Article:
Race Plays Part in Haiti Policy, U.S. Aide Says


President Clinton's chief adviser on Haiti said Sunday that there is "some truth" to critics' charges that the United States has a tougher immigration policy for Haitians because they are black, but he defended Clinton's overall efforts as humane.

"I'm not going to argue that difference, because I think that there is some truth to that statement," William H. Gray III said when confronted with the allegation on ABC's "This Week With David Brinkley."

Gray's comments came as Panamanian President-elect Ernesto Perez Balladares said he is prepared to accept a group of Haitian refugees at a U.S. military base in Panama, the Reuters news service reported.

Perez, speaking to reporters at Panama's Tocumen International Airport, did not say when the Haitians could begin arriving in Panama. But he said they would be fewer than the 10,000 requested by the United States and that they could stay for no more than six months. On Sept. 1, Perez is scheduled to take over from President Guillermo Endara, who agreed last week to accept the refugees and then shocked the Clinton Administration by changing his mind.

Gray's comments, which he tempered somewhat, marked the first time that a senior Administration official has admitted that U.S. immigration policies toward Haitian refugees are at least partly based on race.

Gray, a former Democratic congressman from Pennsylvania who now heads the United Negro College Fund, was once the chairman of the Congressional Black Caucus, one of the most outspoken critics of U.S. policy toward Haiti during both the George Bush and the Clinton administrations.

It was largely because of complaints from the Black Caucus that Clinton began easing the Bush-era policies on Haiti that he had been following for the first 1 1/2 years of his term. Caucus complaints also influenced Clinton's decision to name Gray to head the effort to resolve the situation in Haiti.

Gray, however, carefully asserted Sunday that there has been a distinction in the way different immigrant groups have been treated throughout U.S. history, and he defended the Administration's policy as one that has expanded "haven" protection for Haitians.

"The announcement made this week actually gives more political asylum to Haitians than ever before, because we've gotten six other countries involved (as potential hosts for haven facilities)," Gray said. "And we're expanding it."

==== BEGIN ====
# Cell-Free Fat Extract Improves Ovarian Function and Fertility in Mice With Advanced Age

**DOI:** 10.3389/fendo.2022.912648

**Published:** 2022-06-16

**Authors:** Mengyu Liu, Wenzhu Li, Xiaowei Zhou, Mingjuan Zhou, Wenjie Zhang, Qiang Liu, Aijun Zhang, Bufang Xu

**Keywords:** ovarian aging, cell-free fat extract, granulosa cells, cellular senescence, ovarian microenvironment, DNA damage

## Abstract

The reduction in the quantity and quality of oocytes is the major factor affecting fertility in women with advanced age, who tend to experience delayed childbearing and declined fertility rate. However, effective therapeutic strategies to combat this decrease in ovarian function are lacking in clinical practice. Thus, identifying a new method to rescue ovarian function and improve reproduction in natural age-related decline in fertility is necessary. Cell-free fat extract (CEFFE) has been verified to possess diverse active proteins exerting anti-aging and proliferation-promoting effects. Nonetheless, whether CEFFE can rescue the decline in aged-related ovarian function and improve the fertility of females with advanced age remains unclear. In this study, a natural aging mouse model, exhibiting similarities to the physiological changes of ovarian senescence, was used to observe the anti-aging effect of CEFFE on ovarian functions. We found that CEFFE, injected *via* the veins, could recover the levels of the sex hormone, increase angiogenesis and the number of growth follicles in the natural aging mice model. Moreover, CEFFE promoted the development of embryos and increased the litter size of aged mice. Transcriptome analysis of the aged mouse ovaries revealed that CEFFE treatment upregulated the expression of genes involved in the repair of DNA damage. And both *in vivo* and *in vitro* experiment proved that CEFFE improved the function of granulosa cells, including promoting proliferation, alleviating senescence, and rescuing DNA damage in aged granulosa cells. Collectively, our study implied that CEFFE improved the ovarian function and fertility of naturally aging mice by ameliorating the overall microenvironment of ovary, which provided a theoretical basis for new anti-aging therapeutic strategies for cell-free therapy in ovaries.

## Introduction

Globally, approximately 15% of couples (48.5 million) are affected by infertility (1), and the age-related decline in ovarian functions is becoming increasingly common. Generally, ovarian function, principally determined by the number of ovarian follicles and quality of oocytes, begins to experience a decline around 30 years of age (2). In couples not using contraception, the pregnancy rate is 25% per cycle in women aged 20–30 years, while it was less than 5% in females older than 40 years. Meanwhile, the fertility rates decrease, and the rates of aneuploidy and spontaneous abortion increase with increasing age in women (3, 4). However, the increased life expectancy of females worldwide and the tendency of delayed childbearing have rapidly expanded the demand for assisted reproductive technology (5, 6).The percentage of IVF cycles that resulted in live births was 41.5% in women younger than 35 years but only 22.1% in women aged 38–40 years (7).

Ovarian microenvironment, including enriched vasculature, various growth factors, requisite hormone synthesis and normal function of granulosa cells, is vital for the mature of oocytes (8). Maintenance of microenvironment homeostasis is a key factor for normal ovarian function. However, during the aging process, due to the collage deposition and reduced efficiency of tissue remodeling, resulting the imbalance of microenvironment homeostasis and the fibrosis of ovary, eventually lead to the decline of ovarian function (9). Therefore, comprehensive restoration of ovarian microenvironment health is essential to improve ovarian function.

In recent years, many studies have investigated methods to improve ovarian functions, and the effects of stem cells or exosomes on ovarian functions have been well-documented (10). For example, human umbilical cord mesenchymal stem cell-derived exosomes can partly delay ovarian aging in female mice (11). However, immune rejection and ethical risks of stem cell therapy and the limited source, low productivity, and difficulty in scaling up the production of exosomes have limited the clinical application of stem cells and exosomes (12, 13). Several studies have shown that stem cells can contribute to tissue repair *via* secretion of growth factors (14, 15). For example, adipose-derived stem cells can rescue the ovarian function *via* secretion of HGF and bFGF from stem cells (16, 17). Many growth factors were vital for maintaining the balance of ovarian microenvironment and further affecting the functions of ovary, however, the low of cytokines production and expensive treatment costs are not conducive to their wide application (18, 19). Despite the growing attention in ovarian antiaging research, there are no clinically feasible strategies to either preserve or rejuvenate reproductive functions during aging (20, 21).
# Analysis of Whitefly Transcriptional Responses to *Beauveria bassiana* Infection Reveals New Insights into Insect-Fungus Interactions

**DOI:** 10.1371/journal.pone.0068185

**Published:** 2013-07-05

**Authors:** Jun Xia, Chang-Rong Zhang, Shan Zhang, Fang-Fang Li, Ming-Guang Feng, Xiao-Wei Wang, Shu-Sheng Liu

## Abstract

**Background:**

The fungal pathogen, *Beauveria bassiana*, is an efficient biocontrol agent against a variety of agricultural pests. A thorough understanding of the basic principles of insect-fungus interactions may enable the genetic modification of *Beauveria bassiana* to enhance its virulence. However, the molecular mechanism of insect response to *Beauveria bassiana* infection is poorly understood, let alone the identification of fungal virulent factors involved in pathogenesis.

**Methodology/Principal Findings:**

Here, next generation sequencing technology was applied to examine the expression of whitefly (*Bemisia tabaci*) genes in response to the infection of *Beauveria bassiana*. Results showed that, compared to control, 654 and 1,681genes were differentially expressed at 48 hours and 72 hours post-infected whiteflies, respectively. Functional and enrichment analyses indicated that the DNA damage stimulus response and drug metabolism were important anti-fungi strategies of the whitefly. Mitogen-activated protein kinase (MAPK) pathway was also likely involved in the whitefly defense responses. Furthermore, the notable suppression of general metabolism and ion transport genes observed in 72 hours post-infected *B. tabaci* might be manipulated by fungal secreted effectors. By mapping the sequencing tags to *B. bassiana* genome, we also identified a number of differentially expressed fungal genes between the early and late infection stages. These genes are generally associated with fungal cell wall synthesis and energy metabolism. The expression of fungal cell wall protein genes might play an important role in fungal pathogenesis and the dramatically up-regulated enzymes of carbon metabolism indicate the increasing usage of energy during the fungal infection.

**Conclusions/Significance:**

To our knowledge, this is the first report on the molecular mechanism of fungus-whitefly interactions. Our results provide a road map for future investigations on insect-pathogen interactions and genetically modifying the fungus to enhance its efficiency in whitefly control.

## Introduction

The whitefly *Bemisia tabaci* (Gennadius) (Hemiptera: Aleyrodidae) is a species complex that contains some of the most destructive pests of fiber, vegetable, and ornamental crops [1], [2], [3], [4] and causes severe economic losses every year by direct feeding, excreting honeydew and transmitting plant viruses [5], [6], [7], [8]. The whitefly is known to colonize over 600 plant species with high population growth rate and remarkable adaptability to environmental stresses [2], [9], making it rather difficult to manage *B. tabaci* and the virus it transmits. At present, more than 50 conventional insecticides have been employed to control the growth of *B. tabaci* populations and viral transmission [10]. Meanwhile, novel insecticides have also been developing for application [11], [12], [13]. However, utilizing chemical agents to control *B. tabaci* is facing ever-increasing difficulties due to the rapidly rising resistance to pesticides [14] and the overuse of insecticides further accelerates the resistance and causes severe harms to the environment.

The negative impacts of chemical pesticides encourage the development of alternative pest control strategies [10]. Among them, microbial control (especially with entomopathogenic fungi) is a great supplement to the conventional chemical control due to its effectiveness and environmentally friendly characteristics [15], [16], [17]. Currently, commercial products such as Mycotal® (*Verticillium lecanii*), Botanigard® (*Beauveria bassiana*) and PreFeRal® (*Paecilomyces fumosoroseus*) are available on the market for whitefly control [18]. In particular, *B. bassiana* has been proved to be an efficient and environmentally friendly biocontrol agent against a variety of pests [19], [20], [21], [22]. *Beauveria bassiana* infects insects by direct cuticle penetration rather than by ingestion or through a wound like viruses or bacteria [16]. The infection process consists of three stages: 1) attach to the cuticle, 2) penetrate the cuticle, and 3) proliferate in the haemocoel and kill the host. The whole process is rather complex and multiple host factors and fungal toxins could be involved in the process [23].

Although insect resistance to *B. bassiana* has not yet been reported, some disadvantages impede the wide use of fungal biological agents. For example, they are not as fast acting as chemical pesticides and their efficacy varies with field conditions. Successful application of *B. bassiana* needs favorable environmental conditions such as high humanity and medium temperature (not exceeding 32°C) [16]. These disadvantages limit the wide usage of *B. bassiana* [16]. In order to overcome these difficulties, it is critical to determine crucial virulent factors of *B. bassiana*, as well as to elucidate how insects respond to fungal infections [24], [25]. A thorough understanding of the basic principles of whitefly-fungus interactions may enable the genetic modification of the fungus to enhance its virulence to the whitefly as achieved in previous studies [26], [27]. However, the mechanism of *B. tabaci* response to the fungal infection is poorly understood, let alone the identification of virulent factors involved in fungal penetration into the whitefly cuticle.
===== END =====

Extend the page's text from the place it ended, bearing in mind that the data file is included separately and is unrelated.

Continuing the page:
Haitians continued to stay home Sunday for a second day in a row instead of setting out to be picked up by U.S. patrol ships--bolstering earlier suggestions that the Administration's new restrictions on asylum-seekers may be having an impact.

Officials reported that 398 Haitians were intercepted Sunday, reinforcing a drop-off to 242 people Saturday. The figures had been far heavier since mid-June, when the United States expanded its refugee-processing facilities. On Friday, the total was 1,859.

Although the exodus was dampened somewhat by bad weather in the region over the weekend, officials said there were increasing indications that radio broadcasts that the United States has been beaming to Haiti describing the new restrictions may be beginning to work.

Authorities cautioned that while Sunday's figures seemed "encouraging," it is too soon to conclude definitively that the decline will hold. Reports from Haiti say that many Haitians are continuing to build escape boats and may use them soon.

Clinton eased immigration policies June 16, allowing Haitians to seek asylum on ships in the Caribbean and off the coast of Jamaica that are equipped to process their applications, but the shift spawned an exodus of refugees.

In an effort to slow the exodus, the White House announced last week that Haitians intercepted at sea would no longer be allowed to immigrate to America and would instead be transported to "havens" outside the United States.

Under the new policy, only those Haitians who apply for asylum at the U.S. Embassy in Port-au-Prince and two provincial locations will be allowed into the United States.

Meanwhile, a Navy task force carrying about 2,000 Marines continued to steam toward Haiti amid increasing warnings by top officials that the United States might invade the island nation if the military junta there does not step down. The ships are due to arrive tonight or Tuesday.

Secretary of State Warren Christopher, in Naples, Italy, for the summit of the world's seven richest industrialized democracies, said on NBC's "Meet the Press" that an invasion "is one of the things on the table" in case Haiti's military rulers do not step down.

Gray's allusion to racial factors in U.S. immigration policies was reiterated by Rep. Carrie Meek (D-Fla.), a current member of the Black Caucus. Meek said on "This Week With David Brinkley" that "there is a double standard" in U.S. immigration policies.

Other top Administration officials had little to say on the subject. Christopher sidestepped a question on the racial issue entirely, saying Americans "need to remember where the real problem is"--with the Haitian military.